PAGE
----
Audi Q7 SUV review
“The huge Audi Q7 is powerful, has a fantastic interior and can be surprisingly affordable to run for such a large car”
- Plenty of safety technology
- Spacious interior
- Fussy styling
- Options are expensive
- Less powerful diesel is noisy
The original Audi Q7 was launched to an enthusiastic audience who'd long awaited an Audi SUV. Today, it's a rival to the BMW X5, and Mercedes GLE, Range Rover Sport, Porsche Cayenne, Volvo XC90 and the new Land Rover Defender, although it's actually closer in size to the Range Rover and Mercedes GLS.
For the latest version, Audi has kept what made the original such a success story – namely its huge, versatile seven-seat interior – but addressed some of the criticisms, including that it was too bulky and intimidating, both to look at and to drive. The latest version has lost none of its imposing presence, but it's leaner and more agile than before.
A facelift for 2019 brought the Q7’s styling in line with the latest Audi Q3 and Q8, namely an even more striking and wider grille and enhanced LED lights at the front and rear. It looks slightly lower and more athletic as a result, while upgraded tech borrowed from its coupe-SUV sibling the Q8, has also benefited the interior.
For such a big, heavy machine, the Q7 shows an impressive turn of speed, whichever version you choose. The 3.0-litre diesel engine is available with 228 (badged as a 45 TDI) or 282bhp (badged as a 50 TDI), allowing 0-62mph to be covered in just 7.3 and 6.3 seconds respectively. Irrespective of the difference in power, both diesel engines are capable of similar economy figures of up to around 34mpg.
The single petrol engine offering is badged 55 TFSI and is the most powerful model in the standard Q7 line-up with a turbocharged 3.0-litre V6 producing 335bhp. It boasts impressive straight-line performance, sprinting from 0-62mph in only 5.9 seconds. It does have a considerable thirst though, with a fuel economy figure of around 27mpg.
These engines also come with mild-hybrid technology, allowing some power to be stored in a battery pack under deceleration to aid the engine when necessary, improving efficiency.
There's a brace of plug-in hybrids too, with both combining a V6 petrol engine and an electric motor and battery. The entry model is badged 55 TFSI e and produces 375bhp, while the flagship 60 TFSI e model has 449bhp. Both cars offer pure-electric running with a range of up to 26 miles and can be charged overnight via a home wallbox.
One version with very specific appeal is the Audi SQ7, the flagship performance model of the Q7 lineup. A 2020 update saw the 4.0-litre V8 diesel engine discontinued and replaced by an even more powerful 4.0-litre twin-turbocharged V8 petrol engine that upped the SQ7’s power output to 500bhp. The end result is a two-tonne SUV that sprints from 0-62mph in just 4.1 seconds.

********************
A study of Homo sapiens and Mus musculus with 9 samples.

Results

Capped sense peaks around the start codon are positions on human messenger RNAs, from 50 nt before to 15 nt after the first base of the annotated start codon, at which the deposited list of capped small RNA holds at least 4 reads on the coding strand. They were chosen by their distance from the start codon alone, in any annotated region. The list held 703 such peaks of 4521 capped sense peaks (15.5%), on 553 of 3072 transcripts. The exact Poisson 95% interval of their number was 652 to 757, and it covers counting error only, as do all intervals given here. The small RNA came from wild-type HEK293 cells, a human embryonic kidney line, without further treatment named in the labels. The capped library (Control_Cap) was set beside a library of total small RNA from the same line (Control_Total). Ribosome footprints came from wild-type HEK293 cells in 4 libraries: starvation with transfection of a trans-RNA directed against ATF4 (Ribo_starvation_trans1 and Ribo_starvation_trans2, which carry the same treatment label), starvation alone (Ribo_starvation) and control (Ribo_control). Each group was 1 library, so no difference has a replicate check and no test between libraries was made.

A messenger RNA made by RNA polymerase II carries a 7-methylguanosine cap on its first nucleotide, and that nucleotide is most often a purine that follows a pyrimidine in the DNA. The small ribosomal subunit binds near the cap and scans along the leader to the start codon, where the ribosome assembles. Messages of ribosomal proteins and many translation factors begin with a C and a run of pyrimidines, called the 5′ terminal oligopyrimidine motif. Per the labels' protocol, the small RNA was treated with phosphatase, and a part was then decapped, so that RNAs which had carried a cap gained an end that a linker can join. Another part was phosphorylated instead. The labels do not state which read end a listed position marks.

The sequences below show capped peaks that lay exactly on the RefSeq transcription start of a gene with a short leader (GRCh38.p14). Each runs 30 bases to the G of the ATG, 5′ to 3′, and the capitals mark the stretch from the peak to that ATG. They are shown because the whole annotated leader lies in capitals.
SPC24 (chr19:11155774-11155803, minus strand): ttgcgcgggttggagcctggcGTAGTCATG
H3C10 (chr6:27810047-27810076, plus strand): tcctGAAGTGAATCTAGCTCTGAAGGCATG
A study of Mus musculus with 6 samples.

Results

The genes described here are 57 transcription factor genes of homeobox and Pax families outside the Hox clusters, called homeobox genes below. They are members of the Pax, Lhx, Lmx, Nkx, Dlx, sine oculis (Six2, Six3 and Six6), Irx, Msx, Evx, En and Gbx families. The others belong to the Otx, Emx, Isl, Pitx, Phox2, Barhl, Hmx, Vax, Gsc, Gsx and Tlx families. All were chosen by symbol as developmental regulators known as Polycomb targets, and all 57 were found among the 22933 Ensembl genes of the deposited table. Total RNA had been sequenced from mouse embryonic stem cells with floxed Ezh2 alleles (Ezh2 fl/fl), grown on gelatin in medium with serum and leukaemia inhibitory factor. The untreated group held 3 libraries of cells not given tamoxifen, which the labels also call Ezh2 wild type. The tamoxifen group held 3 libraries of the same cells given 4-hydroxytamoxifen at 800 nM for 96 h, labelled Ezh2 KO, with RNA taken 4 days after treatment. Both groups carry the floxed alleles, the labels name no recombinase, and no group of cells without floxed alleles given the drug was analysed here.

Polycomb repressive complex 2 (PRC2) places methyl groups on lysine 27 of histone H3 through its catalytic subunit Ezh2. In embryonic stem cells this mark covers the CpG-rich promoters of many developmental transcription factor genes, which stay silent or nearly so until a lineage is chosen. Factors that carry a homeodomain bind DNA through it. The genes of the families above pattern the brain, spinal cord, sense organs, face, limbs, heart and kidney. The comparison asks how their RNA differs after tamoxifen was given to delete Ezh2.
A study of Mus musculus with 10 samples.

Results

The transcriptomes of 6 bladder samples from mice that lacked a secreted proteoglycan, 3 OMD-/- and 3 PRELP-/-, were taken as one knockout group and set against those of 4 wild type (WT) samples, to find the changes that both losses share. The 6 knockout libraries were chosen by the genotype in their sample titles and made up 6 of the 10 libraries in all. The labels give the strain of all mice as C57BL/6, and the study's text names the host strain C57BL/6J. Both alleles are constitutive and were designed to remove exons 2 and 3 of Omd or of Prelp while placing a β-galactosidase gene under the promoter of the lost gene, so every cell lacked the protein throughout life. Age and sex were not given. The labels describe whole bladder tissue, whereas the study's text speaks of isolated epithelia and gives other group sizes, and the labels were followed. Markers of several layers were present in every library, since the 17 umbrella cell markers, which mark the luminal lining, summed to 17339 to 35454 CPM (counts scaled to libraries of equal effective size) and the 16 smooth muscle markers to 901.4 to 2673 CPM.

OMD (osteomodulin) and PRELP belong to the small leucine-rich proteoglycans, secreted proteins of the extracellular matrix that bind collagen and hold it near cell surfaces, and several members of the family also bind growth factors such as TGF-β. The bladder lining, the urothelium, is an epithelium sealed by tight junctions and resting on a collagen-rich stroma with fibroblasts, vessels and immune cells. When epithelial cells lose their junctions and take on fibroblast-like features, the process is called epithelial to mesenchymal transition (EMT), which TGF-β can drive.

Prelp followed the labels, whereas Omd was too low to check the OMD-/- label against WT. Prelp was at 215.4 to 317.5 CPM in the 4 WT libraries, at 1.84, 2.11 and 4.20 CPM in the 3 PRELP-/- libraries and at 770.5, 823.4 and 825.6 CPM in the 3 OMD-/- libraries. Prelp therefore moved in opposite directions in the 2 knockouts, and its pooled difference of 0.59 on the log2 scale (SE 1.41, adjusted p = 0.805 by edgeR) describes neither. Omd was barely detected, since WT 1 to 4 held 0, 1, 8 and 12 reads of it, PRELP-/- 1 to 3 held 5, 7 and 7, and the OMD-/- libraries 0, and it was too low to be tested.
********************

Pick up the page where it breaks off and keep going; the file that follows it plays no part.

While it can be fun to drive, the Q7 places its emphasis on comfort, and its standard air suspension is great at soaking up road imperfections while still delivering impressive body control. As this is a two-metre wide car, it’s a good job the steering is very accurate, helping you position the Q7 on narrow roads. Optional four-wheel steering is available to make the Q7 more manoeuvrable at low speeds.
The same rear-wheel steering (with an angle of up to five degrees) can also improve high-speed stability. Every Q7 comes with quattro four-wheel drive as standard, providing plenty of confidence in poor conditions, while there’s little body lean, even in tight corners. Choose the more powerful diesel and driving is a very relaxed experience, with plenty of power to overtake slower traffic with ease.
One of the Q7’s biggest selling points is how it looks and feels inside. The materials used are among the most attractive and highest-quality in any SUV, with standard leather seats and a touchscreen sat nav and infotainment system. The high centre console and dashboard give the Q7 a slightly more saloon-car-like seating position than some rivals, with the added benefit of being higher up. Ambient lighting bathes the interior with a relaxing glow at night, while Audi’s triple-display setup for its instruments, infotainment and car settings is one of the best in the business.
All versions of the Q7 are plushly equipped as standard with the Sport trim level getting adaptive air suspension, Matrix LED headlights, leather upholstery with heated front seats and 19-inch alloy wheels. The sportier S Line model adds to this with Audi’s Virtual Cockpit digital dial display and 20-inch alloy wheels, while the Black Edition model gains Valcona leather sports seats, adaptive air sport suspension and larger 21-inch alloy wheels. The range-topping Vorsprung trim features 22-inch alloy wheels and a Bose surround sound stereo.
Offering practicality and luxury, the Q7 is an impressive family car, with huge head and legroom for front and second-row occupants. The second-row seats are also on runners, allowing them to slide forwards and backwards to make more space for the third row or boot. Even with all seven seats in place, boot capacity is still supermini-sized, while folding down the third row provides a huge 865 litres.
Audi has a reputation for building sturdy, well-engineered cars, so it’s perhaps surprising the brand only finished 21st out of 30 manufacturers in our 2020 Driver Power customer satisfaction survey. Too few Q7 owners participated in the survey for it to feature individually in the results.
At least safety shouldn't be an issue: independent crash-test experts Euro NCAP awarded the Q7 the maximum five stars in late 2019.